After my previous quick introduction to TIBCO iProcess Suite, I will take this opportunity to go through the main parts of the core component of iProcess, its Server.

Looking in more detail at the iProcess Server’s architecture we can see that its engines are organized into nodes, where a node is formed by 1 or N iProcess Engine servers sharing a database instance. If there is more than one engine for load balancing or fault tolerance, it’s called a node cluster. Engines use Remote Procedure Calls (RPC) to communicate with the clients and can be split into four parts:

  • Process Sentinels: which are responsible for making sure that the rest of the processes are running.
  • Foreground Processes: processes dealing with user interaction.
  • Background Processes: processes performing the “internal” tasks.
  • MBox Set: communication link between background and foreground processes

The Server comes with a client interface called Objects Server which provides an API to interact with the engine. It is available in two “flavors”:

  • Process Objects (TPO): a thick client implementation API for COM/C++/Java.
  • Server Objects (TSO): a thin client implementation API for EJB and .NET.

Using this APIs we can develop custom web-clients, web-services or integrate our J2EE or .NET applications with iProcess.

Business Processes executed by the iProcess Server can interact with external systems as well using EAI plugins. There are plug-ins for different systems, including BusinessWorks, Oracle, Java, SQL Server and scripts.

IProcess Server Architecture

IProcess Server Architecture

Quick introduction to TIBCO iProcess components

From observing material available on the internet and in discussions with our customers, it is clear that there is a fair amount of confusion as to which components are available in TIBCO iProcess suite and what they are used for. This article aims to clarify the components included and provides a brief description of each of them in order to give an overview of TIBCO iProcess. The second article of this series talks about iProcess Server internals.

TIBCO iProcess is a complete suite of products for Business Process Modelling and Execution. It is made up of the following components:

  • Server Engine: business process automation engine and workflow server, it is where the BPM activities are executed.
  • Business Studio: eclipse-based modeling tool that can be used both by business analysts and developers as a common tool to model, develop and test business processes. It can be downloaded for free from here: http://developer.tibco.com/business_studio/. Supports well known standards like BPMN 1.1/1.2 and XPDL 2.1 and tools like ARIS or Visio. It has a built-in version control component called Business Studio Asset Central. It will eventually replace iProcess Modeler and, at some point, be the unique integrated development tool for the different TIBCO tools. In fact, tadalafil 20mg you can develop Business Works projects with Business Studio using the Designer Add-In.
  • Workspace: thick windows client used for administration (both of the server side and the client side), process modeling and to display work queues to end-users. iProcess Modeler is one of the components of the Workspace, it can be used to model business processes in a similar fashion to Business Studio. Personally, I would recommend you use Business Studio as, since version 3.0, it contains all the key features of iProcess Modeler.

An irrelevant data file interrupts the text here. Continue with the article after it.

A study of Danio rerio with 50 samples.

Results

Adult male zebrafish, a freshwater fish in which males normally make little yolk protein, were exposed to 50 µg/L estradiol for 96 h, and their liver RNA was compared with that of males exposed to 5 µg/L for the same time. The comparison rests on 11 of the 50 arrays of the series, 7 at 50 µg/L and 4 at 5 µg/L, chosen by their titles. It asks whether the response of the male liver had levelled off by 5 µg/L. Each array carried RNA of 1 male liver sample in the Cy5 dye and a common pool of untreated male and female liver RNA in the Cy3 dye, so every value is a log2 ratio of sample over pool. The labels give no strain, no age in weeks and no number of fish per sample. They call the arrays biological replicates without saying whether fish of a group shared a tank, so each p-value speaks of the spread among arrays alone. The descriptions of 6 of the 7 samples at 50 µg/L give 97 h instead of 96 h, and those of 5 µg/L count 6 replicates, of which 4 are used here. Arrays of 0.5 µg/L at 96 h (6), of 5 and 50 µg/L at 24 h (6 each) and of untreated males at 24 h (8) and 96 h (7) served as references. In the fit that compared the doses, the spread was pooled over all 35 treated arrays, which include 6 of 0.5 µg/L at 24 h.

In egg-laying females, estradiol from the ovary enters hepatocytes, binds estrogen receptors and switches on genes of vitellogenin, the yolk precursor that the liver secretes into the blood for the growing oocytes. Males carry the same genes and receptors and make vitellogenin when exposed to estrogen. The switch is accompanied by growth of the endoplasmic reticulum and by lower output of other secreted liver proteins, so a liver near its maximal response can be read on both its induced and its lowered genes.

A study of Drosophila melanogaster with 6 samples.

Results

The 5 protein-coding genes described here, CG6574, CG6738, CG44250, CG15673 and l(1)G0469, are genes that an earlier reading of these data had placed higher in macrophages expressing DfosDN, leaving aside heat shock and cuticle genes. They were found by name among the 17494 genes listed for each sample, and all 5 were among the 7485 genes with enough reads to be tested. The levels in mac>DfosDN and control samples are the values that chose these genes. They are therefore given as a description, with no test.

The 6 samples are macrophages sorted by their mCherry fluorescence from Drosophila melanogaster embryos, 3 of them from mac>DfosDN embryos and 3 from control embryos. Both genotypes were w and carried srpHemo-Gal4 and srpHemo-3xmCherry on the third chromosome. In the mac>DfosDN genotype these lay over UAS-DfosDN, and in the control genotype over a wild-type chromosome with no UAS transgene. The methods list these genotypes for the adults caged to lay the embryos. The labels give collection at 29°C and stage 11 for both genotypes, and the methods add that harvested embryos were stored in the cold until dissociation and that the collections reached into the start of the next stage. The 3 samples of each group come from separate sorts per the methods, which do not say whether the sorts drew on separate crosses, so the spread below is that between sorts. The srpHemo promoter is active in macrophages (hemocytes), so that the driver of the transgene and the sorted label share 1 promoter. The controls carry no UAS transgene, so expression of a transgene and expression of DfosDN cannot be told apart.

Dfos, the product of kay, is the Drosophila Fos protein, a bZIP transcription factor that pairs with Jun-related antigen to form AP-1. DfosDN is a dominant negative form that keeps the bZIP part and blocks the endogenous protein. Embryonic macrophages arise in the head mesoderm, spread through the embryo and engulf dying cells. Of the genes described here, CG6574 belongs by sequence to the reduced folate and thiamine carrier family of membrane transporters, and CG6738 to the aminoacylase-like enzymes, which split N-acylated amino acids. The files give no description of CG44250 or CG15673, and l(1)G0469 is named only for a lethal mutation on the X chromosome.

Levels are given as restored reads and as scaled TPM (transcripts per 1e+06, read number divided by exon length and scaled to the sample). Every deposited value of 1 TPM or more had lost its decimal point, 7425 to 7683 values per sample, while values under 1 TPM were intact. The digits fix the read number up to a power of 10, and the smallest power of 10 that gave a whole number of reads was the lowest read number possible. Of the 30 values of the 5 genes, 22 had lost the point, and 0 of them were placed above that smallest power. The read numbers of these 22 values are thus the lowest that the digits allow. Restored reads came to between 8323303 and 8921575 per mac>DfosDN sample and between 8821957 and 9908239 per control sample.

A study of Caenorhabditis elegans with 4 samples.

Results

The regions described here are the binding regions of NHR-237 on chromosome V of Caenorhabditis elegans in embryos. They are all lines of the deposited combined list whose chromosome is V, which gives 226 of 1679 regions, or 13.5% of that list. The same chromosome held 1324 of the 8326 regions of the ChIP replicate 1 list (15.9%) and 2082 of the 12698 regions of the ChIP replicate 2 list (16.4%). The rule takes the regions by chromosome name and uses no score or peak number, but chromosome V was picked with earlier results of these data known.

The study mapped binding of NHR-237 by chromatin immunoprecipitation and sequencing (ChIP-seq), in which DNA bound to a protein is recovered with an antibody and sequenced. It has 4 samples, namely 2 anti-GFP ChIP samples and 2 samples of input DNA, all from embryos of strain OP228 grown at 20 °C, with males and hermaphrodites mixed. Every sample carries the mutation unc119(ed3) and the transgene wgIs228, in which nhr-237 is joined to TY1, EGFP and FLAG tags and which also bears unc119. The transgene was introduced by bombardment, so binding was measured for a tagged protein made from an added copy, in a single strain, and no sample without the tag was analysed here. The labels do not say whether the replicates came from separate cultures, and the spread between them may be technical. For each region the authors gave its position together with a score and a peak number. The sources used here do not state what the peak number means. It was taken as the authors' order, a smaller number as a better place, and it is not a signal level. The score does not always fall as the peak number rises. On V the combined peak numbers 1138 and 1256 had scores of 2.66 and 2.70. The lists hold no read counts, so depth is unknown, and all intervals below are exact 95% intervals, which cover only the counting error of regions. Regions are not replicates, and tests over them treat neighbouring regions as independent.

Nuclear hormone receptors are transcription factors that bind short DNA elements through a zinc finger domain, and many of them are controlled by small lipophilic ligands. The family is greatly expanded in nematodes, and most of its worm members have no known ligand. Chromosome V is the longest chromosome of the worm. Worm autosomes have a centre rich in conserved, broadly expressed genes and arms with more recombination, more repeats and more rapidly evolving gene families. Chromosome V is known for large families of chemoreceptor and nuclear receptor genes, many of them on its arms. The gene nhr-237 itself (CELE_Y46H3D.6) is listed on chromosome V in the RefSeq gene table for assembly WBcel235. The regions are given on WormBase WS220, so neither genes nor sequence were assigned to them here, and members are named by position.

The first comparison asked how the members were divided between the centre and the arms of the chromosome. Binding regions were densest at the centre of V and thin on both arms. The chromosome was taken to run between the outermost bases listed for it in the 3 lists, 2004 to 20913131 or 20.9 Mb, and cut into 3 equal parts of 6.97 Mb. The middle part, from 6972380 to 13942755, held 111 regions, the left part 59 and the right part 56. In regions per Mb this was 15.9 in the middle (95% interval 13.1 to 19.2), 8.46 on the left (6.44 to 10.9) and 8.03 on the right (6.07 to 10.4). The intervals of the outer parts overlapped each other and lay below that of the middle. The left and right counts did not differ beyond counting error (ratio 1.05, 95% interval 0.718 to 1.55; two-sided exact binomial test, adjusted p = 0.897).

• Browser: thin client for end-users, includes a work queue and a work item manager to allow users to process the tasks assigned to them.
  • Decisions: business rule definition and management tool with a spreadsheet-like interface for business analysts.
  • Analytics: process performance monitoring tool, compares current and historical data allowing deviation detection.
  • Insight: business activity monitoring (BAM) for iProcess suite which gives business-related information in real time using dashboards.
  • Conductor: used to define execution plans that are based on process components and are represented as Gantt Charts.

I find Conductor particularly interesting. In theory, this tool allows business analysts to rearrange process components without affecting the whole business process. If, for example, at some point we wanted to parallelize two components that were originally defined as sequential, as long as there are no dependencies between them, this can easily be done using drag-and-drop. And, believe me, this is something business people love to have. I say in theory because this requires very careful analysis and design but, if you keep this in mind, the result is really worth it.

Moreover, Conductor’s ability to orchestrate process components makes it a perfect tool for scenarios like dynamic provisioning, as it facilitates runtime definition of specific product provisioning processes based on business rules. As an example, let’s consider a case I worked on a couple of years ago at a Telco. They were offering triple-play (phone, DSL and TV) so defining business processes for every possible combination of commercial offers would have meant creating a few hundred different processes (they had different types of networks, brands, etc.). The solution we found was to define business rules using iProcess Decisions and, based on them, instruct Conductor to dynamically build the project plan for each specific offer.

As you see, iProcess has quite a few of components, in following posts I will try to get more into the details of them.

Update:
We have just published the second post in this series here.